Max Royle, City Manager
City of St Augustine Beach
Dear Historic City News readers,
The year 2021 marks my 45th year in the city management occupation. From that perspective, now may be an appropriate time to share some occupational observations.
Here are two of many lessons I have learned during my career in public service.
Believing that a staff member without degrees cannot be a competent department head.
In a previous city where I worked, I hired a police chief and a fire chief. In both instances, I looked for candidates with a college degree. In both instances, the person I hired from outside the city did not serve their department well. After a respected citizen suggested I consider hiring from within, I found in each department a long-term senior officer without a degree who was dedicated to serving the community, knew their respective department’s strengths and weaknesses, and was willing to remedy the weaknesses. They each proved to be excellent department heads.
Assuming can be a slippery slope.
Maybe managers use assumptions more than they should because time is limited, the tasks are many, and assuming can be a convenient shortcut to getting the work done. For example, did Employee X understand the instructions for a particular project? I assume they did until I get a report from them that shows otherwise. I blame myself for not making certain the assignment was clear by verifying with the employee, well before the report’s deadline, what they were to do.
Shall I offer some advice?
After my 45-years, I guess I could be licensed to dispense advice to aspiring public managers like an aging pharmacist of philosophy. In 1974, when I was a student in the University of Kansas’ public administration program, the long-time, former city manager of Kansas City, Missouri, advised my class that public managers foremost need a sense of humor and a thick skin to cope with the inevitable barbs of criticism that will be hurled at them.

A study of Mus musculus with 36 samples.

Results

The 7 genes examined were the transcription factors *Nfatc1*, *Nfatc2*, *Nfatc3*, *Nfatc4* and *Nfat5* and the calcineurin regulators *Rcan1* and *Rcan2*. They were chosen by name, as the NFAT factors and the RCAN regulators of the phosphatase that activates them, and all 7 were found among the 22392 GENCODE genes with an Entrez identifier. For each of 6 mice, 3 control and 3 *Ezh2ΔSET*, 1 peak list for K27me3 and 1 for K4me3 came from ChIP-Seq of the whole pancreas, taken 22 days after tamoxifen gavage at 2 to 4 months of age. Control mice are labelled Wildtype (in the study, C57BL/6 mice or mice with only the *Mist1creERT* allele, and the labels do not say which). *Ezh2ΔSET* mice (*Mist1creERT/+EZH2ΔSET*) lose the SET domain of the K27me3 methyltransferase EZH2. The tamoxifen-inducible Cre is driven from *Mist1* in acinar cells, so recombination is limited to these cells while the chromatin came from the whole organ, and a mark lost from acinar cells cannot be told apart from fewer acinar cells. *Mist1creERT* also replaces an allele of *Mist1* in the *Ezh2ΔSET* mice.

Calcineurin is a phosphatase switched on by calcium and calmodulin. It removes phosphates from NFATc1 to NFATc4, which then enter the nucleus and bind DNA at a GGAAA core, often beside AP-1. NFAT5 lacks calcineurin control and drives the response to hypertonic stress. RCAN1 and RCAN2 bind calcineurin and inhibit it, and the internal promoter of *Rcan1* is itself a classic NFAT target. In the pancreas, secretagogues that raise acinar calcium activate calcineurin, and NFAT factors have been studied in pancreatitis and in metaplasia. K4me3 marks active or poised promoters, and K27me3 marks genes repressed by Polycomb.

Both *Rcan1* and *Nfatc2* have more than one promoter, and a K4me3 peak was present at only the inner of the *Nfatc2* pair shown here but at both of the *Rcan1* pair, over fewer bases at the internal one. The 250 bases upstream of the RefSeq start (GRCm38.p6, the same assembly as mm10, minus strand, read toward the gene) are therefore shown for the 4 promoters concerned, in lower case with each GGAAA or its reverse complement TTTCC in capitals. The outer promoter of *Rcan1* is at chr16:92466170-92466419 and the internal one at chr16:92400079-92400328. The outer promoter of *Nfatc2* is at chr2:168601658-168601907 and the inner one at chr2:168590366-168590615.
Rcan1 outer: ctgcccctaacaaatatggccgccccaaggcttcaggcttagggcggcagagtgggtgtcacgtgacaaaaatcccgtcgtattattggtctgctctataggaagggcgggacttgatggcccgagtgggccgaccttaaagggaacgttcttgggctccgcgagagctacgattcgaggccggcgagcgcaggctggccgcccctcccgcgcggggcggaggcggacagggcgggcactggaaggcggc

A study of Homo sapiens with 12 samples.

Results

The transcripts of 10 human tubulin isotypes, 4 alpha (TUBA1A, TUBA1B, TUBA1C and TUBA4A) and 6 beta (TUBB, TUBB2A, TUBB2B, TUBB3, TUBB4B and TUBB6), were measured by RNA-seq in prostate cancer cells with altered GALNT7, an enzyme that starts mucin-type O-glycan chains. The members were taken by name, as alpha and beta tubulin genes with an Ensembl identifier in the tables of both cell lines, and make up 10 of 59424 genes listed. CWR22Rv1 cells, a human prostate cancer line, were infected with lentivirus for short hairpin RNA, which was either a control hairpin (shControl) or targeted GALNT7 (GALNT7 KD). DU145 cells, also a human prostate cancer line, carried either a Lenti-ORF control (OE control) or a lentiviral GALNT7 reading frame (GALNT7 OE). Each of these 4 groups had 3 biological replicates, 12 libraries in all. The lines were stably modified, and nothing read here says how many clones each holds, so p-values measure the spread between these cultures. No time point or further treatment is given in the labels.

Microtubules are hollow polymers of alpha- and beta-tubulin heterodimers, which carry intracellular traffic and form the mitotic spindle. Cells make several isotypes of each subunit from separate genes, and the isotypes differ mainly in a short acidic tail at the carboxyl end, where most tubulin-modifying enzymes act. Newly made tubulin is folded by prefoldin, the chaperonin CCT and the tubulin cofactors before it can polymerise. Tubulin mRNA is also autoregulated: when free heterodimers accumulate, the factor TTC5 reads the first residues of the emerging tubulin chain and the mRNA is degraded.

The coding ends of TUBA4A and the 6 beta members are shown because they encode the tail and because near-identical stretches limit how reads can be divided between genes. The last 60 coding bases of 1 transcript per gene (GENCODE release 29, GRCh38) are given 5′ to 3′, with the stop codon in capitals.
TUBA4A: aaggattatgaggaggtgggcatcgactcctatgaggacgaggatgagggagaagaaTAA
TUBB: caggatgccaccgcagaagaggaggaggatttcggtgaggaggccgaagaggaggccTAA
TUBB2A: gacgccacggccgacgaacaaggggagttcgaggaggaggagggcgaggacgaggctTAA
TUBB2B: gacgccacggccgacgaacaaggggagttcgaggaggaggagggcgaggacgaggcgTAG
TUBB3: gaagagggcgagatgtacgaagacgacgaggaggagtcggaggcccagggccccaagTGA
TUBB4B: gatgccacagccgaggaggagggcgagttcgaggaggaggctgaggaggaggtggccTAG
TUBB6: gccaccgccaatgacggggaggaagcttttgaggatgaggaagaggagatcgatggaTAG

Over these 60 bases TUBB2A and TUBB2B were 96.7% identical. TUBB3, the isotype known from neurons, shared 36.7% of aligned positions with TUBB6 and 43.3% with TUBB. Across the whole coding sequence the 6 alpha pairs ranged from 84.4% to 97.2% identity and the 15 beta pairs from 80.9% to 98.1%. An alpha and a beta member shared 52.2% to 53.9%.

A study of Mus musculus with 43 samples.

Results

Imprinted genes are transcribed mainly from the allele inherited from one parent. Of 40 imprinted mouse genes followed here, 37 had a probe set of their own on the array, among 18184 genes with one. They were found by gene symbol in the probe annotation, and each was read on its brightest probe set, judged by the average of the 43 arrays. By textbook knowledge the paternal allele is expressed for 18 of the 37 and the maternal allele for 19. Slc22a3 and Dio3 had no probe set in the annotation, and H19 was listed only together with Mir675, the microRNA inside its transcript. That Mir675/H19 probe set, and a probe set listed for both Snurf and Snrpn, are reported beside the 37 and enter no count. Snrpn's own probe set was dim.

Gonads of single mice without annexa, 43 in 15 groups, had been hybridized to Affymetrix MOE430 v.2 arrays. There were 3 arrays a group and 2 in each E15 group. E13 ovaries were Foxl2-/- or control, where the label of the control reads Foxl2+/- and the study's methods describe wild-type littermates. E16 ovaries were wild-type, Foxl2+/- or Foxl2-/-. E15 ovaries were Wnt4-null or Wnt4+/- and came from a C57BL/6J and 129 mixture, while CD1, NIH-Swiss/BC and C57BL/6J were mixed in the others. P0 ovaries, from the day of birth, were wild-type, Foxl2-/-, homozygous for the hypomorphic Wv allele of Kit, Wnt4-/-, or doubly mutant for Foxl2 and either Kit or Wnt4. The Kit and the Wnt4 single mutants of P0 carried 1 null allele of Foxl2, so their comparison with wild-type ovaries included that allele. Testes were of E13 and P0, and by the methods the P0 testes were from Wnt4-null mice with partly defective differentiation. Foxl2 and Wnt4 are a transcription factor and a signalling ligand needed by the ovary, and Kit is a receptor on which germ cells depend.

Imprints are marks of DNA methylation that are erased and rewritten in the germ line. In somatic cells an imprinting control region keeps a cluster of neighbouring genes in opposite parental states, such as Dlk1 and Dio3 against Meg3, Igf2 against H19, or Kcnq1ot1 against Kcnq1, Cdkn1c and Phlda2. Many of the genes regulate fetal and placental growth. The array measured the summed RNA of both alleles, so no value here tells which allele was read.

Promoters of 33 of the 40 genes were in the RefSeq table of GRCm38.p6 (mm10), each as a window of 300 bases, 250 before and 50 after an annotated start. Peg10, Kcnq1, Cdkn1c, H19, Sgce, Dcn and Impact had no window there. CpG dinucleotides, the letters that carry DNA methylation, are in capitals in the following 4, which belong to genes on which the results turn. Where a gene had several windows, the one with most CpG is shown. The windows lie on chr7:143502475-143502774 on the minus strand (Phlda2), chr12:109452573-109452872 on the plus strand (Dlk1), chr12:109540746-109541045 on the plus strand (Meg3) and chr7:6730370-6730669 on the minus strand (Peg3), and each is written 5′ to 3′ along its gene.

To which I would add:
- Take the long view concerning problems, that is, don’t sweat the small stuff and know that today’s “sky-is-falling” issue will likely be next month’s faint memory
- Remember why you’re a public manager — which is to serve. Not to inflate your own ego, not to play power games, and not to get rich at the taxpayers’ expense
- Communicate, communicate, communicate with the citizens, the employees, the City Commission, and other governmental agencies. City Managers have summarily been shown the exit because they’ve not returned (or had a staff member return) phone calls or emails (letters in the old days), or not kept the members of their elected board informed about matters significant and otherwise.
My “most memorable” event
My most memorable meeting occurred in 2001 when the City Commission had to decide whether our fair City should keep its small, mostly volunteer fire department or contract with St Johns County and its far larger, professionally trained department.
Development and population growth in the City of St Augustine Beach required the decision. The room was packed with residents who vehemently demanded that for the sake of its “identity” the City keep its department.
Despite the strident clamor of the crowd, three of the five Commissioners showed firm and true leadership by approving the contract with the County. They realized it was not in the financial best interest of City taxpayers to be burdened with the incredibly significant labor and other costs of operating a 24-hour, 7-day a week, modern fire and rescue department. It was far better for the City, and its 3,000-plus taxpayers, to be included in the County’s fire district and share paying the department’s costs with the district’s tens of thousands of taxpayers.
By the way, the City’s identity is still intact — and strong.